The landmark judgment justifies the execution of the Himachal Pradesh Ceiling on Land Holdings (Amendment) Act of 1999, which empowers the government to acquire the land if it's put to some other purpose, other than raising Kangra tea, known for its unique flavour and quality.
Upholding the amendments carried out to the Himachal Pradesh Ceiling on Land Holdings Act of 1972, a division bench of Chief Justice A.M. Khanwilkar and Justice R.B. Misra said: "Taking an overall view of the matter, we find no merits in the challenge to the validity of the amended provisions."
Dismissing the petitions of the Kangra Valley Small Tea Planters Association, the bench in its order July 19, the copies of which were made available to the media Monday, said the amended provisions were neither unconstitutional nor arbitrary.
Section 6-A of the amendment act stipulates that if the tea estate is put to other use than raising or maintenance of tea plantation or a purpose subservient to tea plantation, irrespective of the fact as to whether such land is in excess of the permissible area prescribed under Section 4 of the principal act or otherwise, it is treated as surplus area and deemed to have been acquired by the government.
Likewise, Section 7-A seeks to impose a complete ban on transfer of whole or even part of the land under a tea estate by way of contract, agreement, custom or usage.
"Transfer in respect of land under a tea estate has been declared to be void ab initio, notwithstanding the fact that the transfer is effected in favour of a third party before coming into force of the amendment act March 29, 2000," it says.
The state has contended that the amended provisions are intended not only to preserve the tea estates but also to promote and encourage tea estate activity in the state, which is on downhill for quite some time.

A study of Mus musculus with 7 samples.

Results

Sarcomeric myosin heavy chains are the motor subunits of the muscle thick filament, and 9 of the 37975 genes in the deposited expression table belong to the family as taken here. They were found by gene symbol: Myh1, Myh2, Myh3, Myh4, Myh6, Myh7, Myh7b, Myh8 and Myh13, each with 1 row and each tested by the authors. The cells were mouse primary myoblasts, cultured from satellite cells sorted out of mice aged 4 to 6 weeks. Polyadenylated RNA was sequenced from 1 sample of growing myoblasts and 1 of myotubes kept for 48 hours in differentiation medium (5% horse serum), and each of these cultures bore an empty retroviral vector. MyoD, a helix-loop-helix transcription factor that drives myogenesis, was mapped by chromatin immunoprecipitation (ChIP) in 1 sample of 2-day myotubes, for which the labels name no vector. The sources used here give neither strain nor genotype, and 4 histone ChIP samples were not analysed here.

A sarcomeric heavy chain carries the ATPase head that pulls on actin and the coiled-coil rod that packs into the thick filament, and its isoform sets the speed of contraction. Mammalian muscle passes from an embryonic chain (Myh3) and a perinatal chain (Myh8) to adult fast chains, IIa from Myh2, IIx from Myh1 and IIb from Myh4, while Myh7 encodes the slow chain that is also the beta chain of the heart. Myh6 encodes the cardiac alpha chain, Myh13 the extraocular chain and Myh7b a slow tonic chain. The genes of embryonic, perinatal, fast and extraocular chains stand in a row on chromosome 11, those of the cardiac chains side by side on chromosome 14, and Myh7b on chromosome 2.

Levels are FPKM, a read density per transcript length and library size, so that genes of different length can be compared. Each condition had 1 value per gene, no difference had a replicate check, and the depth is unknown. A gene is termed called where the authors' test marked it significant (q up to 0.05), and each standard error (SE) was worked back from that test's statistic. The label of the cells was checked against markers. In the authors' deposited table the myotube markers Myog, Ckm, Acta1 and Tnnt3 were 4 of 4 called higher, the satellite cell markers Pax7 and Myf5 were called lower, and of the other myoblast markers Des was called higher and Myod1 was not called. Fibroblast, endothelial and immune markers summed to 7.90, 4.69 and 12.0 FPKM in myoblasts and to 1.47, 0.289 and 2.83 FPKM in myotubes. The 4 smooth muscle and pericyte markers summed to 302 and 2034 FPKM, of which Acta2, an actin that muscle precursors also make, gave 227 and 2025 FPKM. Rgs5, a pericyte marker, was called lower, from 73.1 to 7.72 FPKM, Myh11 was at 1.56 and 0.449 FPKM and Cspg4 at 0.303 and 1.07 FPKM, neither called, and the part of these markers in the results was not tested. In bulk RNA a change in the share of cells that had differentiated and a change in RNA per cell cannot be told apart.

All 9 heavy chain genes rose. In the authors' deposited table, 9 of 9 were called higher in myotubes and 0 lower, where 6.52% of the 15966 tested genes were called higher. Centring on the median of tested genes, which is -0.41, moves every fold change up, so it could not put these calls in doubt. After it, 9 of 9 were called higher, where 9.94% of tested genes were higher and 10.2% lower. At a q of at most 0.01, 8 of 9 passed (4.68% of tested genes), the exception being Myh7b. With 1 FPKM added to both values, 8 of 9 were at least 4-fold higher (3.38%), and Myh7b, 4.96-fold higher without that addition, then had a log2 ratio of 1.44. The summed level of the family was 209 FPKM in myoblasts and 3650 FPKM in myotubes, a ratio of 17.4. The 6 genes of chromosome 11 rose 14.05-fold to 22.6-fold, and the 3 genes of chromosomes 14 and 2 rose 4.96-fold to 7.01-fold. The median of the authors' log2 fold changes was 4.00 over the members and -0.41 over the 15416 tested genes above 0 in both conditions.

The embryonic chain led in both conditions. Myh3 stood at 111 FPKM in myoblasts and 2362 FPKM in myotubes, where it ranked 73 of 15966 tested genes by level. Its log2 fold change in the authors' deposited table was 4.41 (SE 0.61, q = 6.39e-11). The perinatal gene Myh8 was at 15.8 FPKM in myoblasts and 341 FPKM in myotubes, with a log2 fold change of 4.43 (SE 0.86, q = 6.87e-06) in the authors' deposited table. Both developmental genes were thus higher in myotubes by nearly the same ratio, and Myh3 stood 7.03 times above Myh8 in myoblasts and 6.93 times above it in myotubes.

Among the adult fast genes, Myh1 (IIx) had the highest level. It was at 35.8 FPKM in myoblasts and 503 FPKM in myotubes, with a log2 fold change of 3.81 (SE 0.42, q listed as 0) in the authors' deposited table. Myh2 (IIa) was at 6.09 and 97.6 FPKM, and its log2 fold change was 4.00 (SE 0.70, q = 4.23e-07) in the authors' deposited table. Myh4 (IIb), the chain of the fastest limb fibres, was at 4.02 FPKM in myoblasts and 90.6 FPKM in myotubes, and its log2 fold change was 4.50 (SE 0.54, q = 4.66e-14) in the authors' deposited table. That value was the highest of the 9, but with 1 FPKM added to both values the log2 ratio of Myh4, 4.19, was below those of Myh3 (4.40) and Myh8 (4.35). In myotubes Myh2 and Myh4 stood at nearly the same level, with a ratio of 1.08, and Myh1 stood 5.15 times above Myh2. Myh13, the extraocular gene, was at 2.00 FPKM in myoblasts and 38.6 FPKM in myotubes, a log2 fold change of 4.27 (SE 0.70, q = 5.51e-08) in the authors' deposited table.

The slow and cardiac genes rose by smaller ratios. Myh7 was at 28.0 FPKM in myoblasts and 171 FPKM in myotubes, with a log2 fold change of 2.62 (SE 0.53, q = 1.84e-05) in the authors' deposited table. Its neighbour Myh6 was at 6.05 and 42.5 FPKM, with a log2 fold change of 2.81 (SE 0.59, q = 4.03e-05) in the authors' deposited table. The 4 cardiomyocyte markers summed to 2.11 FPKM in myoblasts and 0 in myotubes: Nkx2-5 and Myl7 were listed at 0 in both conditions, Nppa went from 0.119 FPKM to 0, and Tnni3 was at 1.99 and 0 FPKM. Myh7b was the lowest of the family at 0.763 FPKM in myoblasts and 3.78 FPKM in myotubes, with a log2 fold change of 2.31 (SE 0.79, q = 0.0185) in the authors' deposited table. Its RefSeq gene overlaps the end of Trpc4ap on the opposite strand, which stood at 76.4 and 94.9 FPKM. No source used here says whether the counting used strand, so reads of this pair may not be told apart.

Kangra tea is an orthodox variety, close to Darjeeling tea, and it has been registered under the Geographical Indications (GI) of Goods (Registration and Protection) Act, 1999.
Tea cultivation was introduced in and around the Palampur foothills in the Kangra valley in the mid 19th century. The Camellia tea, planted by the British in 1849, grew so popular that tea from Kangra won a gold medal at an exhibition in London in 1886 for its superb flavour and quality.
However, a major earthquake that hit the area in 1905 destroyed a large number of tea gardens and tea factories. Thereafter, most of the European planters left, handing over their tea estates to the Indians.
Horticulture experts told IANS that a severe drought in 1999 and lifting of trade barriers, which allowed other countries to push their supplies at a much lower cost, adversely affected the Kangra tea industry.
They say tea production in Kangra has seen a drastic fall in the past 15 years with only small producers, with an average holding of around 0.6 acres, engaging in tea plantation.
Union Commerce Minister Anand Sharma, who in April last year visited Palampur town for laying the foundation stone of a Tea Board of India regional office, said the government of India was aiming to revive the Kangra tea industry by taking its annual production up to 20 lakh kg from 900,000 kg.